An exclusive interview with Professor Shuji Nakamura, winner of 2014 Nobel Prize in Physics


chat  Professor Nakamura spoke to CREST on a wide range of topics during his recent trip to Malaysia for the official launching of UCSB’s collaboration with CREST to do LED research in Malaysia.

interview-with-shuji-nakamura2You have mentioned the future of solid state lighting is GaN on GaN. How far away is that from widespread use throughout the industry?

A It depends on the availability of large, cheap GaN substrates at high volume. If the ammonothermal method could be used for the mass production of GaN bulk crystal growth, it would happen soon.

You have also mentioned lasers as being the future of lighting. How far away is that? Will it eventually displace LED?

A It would take five to 10 years to reduce the cost and improve the performance before it is ready to replace LED.

You are a co-founder of Soraa and you are a professor at UCSB. Which do you find more fulfilling, the corporate life or the academic life?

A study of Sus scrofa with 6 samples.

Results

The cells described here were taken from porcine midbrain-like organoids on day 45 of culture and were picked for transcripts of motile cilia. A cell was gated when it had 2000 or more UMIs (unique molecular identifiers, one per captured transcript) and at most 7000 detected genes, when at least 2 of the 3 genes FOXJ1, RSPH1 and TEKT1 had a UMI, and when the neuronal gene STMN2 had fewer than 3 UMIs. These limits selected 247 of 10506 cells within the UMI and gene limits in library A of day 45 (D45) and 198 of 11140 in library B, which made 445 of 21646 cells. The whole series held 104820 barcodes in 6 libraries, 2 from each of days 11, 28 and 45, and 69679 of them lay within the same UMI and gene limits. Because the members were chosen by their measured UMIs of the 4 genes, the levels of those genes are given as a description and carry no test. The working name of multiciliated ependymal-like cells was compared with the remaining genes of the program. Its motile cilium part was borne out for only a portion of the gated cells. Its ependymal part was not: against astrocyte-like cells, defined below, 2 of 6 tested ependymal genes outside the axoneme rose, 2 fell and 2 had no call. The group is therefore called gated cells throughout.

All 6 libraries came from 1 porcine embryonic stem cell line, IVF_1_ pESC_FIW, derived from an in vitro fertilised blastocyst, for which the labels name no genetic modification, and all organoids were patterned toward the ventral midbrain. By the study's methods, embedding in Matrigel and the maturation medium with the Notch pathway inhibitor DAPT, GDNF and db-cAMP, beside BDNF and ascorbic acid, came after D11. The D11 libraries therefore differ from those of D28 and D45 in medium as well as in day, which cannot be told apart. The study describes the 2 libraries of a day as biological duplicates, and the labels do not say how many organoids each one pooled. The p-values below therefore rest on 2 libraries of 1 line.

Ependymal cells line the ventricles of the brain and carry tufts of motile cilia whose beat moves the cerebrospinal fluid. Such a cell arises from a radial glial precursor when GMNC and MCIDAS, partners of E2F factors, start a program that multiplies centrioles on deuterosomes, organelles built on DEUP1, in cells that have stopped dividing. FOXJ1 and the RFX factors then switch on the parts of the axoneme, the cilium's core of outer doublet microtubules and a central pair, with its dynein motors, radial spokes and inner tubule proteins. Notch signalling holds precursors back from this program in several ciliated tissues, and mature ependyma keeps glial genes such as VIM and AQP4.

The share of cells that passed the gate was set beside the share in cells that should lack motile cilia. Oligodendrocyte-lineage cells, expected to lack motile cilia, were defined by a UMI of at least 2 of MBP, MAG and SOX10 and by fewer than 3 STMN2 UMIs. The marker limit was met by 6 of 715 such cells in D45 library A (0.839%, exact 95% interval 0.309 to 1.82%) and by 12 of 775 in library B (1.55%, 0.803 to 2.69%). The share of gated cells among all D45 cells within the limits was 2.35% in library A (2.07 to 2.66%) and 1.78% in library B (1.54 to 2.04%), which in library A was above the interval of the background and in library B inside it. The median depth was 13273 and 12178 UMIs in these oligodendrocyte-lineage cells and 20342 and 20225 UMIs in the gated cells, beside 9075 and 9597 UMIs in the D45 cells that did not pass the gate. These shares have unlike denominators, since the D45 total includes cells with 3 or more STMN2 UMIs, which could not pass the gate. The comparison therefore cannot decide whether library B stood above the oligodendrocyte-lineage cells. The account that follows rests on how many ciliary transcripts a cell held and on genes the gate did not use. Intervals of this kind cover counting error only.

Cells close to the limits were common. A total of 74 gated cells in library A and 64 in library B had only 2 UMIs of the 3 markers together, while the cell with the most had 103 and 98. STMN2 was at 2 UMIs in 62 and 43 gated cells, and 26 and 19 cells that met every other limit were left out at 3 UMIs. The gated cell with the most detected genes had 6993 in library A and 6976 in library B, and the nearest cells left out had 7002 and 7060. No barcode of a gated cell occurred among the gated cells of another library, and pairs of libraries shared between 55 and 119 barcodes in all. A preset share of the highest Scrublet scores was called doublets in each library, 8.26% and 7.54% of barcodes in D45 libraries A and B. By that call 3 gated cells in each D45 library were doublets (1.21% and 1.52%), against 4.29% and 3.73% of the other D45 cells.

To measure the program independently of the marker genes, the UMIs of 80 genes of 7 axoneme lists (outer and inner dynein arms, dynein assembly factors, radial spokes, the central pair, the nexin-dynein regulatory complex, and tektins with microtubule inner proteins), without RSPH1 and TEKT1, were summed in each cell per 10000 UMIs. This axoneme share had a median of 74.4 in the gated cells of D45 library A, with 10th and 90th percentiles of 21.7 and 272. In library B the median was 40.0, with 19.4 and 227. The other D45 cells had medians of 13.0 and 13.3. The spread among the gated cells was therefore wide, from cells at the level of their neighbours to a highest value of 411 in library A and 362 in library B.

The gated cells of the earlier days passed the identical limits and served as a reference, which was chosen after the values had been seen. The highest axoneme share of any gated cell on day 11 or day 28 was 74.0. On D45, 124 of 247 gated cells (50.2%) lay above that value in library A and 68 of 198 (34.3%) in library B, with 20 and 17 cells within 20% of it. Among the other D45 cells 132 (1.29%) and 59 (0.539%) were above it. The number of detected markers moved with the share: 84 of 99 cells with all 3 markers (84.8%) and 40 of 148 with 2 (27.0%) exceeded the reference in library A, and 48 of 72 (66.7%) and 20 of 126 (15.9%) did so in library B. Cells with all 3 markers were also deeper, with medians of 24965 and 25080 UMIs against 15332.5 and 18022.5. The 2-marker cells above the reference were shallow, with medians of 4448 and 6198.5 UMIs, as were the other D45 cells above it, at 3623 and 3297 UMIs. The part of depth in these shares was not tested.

A Actually, I enjoy both equally.

What is the work culture like at SORAA?

A The work culture at Soraa is great. Folks at Soraa work hard and have a strong sense of ownership over their projects. That ownership empowers many of the employees to look for innovative ways to improve the products they are working on. An engaged and innovative workforce is really important for companies that aim to really differentiate themselves from the competition.

When you were with Nichia, trying to develop the Blue LED, you worked every day without taking a break. What is your daily routine like these days?

A I usually reach the university at 8am and go back to home around 6pm. I do outside work only one day per week.

What are some of the things you hope to achieve through UCSB’s collaboration with CREST?

A Packaging and heat sink. We need special phosphor packaging and heat sink for the laser lighting.

How often do you expect to visit Malaysia?

A Perhaps three times per year?

In much of Asia, the education system is based on rote learning. What are the key things that need to be changed to improve the education system so as to encourage science, discovery and innovation?

A The current goal of Asian education systems is to push students to enter famous universities. Because of this, the education system is based on rote learning with an emphasis almost entirely on test scores. The education system should be revamped be to teach students about how to survive in a society. We need to teach students critical thinking skills.

What advice would you give someone who loves science and aspires to win a Noble prize one day?

A Study many things and take risks when conducting research.